A documentary exploring a solution to overfishing
FISHING FOR THE FUTURE
What is the solution to overfishing? Small-scale, ethically conscious fishing is typically seen as no longer financially viable, but Nate Smith’s Aotearoa New Zealand-based Gravity Fishing business is directly tackling the effects of overfishing. With sustainable fishing practices that are also financially viable and use the most humane way to kill a fish – ikijeme – it’s a model Nate hopes to replicate to make sustainable commercial fishing viable for all coastal communities.
Nate’s artisanal fishing is seasonal and based on ethical fishing practices that are deeply respectful of the ocean ecosystem. By fishing seasonally, the aim is to harvest fish when they are both abundant and healthy, which also happens to be when they are the best tasting fish.
We’re excited to share this story offering hope for the future of local fisheries. We hope you’ll be as inspired by it as we are!
Click the play button above to watch a snippet from ‘Fishing for the Future’ documentary.
What people are saying about 'Fishing for the Future' film
“Oh WOW, simply fantastic! This is exactly how it should be done and once was done all over the world (and definitely not only with fishing). Living with and from nature without damaging nature and nevertheless having food and earning money. Thanks a lot for making teaching explaining recording editing uploading and sharing…”
– Chr.U.Cas2216, YouTube
Is the Gravity Fishing model a solution to overfishing?
- Most New Zealanders don’t get to buy quality seafood because it’s shipped offshore. This is a model that could bring kai moana (seafood) back into connection with the local market.
- This style of fishing sees fishers spending less time on the water, taking fewer fish from the sea, only catching in-season fish, and earning better money. “It’s a no-brainer!”
- Ikejime is used to kill each fish humanely by hand, creating a connection between the fisher and the fish and honouring the fish’s life.
- The government-funded model enables individuals who own a boat and have a QRN number to fish to order for their community. It comes with quota and they have access to an ordering platform for customers.
- If there were fishers in every coastal town fishing this way once again, industrial fishing would become redundant, our fish populations would thrive instead of dwindling, and those of us who choose to eat fish would have access to high quality fresh fish again.
“My vision is to give the fish back to the people. When I say people, I mean the 5 million people that live here in New Zealand. For so long it’s been shipped offshore. My intention was to restore regional community access. This is what we once had. There were little fishing ports all over this whole country, and that’s been lost over the years because of the way the system’s geared.”
– Nate Smith, Gravity Fishing
People featured in 'Fishing for the Future' film
Nate Smith, Gravity Fishing
Nate grew up in Bluff, Southland, and comes from a long line of fishermen. Initially fishing commercially for Sanford, he began his own enterprise, Gravity Fishing, in 2018 after becoming increasingly concerned by diminishing fish stocks. Through incorporating seasonal fishing and simplified fishing practices he has developed a replicable model that offers a direct solution to overfishing.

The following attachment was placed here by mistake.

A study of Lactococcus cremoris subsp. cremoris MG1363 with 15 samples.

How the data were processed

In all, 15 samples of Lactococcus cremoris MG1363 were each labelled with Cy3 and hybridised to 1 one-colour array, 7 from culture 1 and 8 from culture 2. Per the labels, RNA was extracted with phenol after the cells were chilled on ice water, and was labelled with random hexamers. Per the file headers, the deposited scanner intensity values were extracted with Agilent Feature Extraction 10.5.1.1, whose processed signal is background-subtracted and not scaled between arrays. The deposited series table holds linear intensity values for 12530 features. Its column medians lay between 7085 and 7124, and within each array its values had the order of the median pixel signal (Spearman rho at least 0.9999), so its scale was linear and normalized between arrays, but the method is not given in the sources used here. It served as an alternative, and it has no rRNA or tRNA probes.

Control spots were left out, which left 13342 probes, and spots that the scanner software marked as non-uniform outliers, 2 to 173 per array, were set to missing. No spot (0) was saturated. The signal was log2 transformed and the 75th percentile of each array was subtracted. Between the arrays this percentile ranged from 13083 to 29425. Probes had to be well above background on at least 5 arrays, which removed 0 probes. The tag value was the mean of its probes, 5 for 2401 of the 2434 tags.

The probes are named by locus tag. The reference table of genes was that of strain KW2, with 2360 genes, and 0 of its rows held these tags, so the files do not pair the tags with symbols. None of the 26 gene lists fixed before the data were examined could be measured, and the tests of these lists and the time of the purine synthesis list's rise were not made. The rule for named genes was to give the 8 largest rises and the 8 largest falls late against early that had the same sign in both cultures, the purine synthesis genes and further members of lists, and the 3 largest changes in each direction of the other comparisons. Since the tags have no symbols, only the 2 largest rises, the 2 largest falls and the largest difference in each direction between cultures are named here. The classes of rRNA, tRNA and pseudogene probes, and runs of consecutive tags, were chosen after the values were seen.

Anna Urwin, Gravity Fishing
Geremy 'Mish' Foxley, Sealective
Links to resources related to the challenge of overfishing
Links related to Gravity Fishing’s solution to overfishing
- Gravity Fishing website about community-focused, sustainable fishing
- Gravity Fishing Instagram feed showing their sustainable fishing practices
- Gravity Fishing Facebook page where you can follow and connect with their journey
Links related to Sealective’s sustainable fishing operation
Other films you might like
On the edge of a small bushfire-prone town in Australia, a group of community-minded folk have come together to restore the ecology of their commons forest, using hand tools and goats!
A 40-minute documentary following the highs and lows of a passionate community as they attempt to tackle the issue of food waste going to landfill.
Why make this film about a solution to overfishing?
“Seafood plays a large part in people’s diets all over the world, and yet the large-scale industrial methods of fishing that are standard across the industry are causing devastating impacts on the health of ocean ecosystems.
“When we heard about the Gravity Fishing model providing a sustainable alternative, we wanted to share this story far and wide! We hope this film makes people question the impact of the seafood they eat and inspires fishers to adopt small-scale sustainable methods to protect and care for our precious oceans.”
– Jordan Osmond and Antoinette Wilson,
Help us make more films like thisSupport Happen Films on Patreon
We release the majority of our films online for free so we can reach as many people as possible. But this is only achievable thanks to the supporting donations we receive: from individual viewers, aligned organisations, and like-minded philanthropists. Without that funding, we can’t make the films we know need to be made.
Supporting our work is easy through Patreon, where you can join our community of monthly contributors. If you’d like to support us, know that no amount is too small – every dollar becomes part of a fund that helps us make our next solutions-focused film.
To learn more about our approach to Community Supported Filmmaking, read the long-form blog post we wrote. Or visit the About page to learn more about us, about our ethics, and about how funds are used.
Sign-up to the Happen Films newsletter
Sign up to our newsletter to be notified about new film releases, behind-the-scenes news, and updates about all things Happen Films! (Note: We only send a newsletter out every 4–6 weeks.)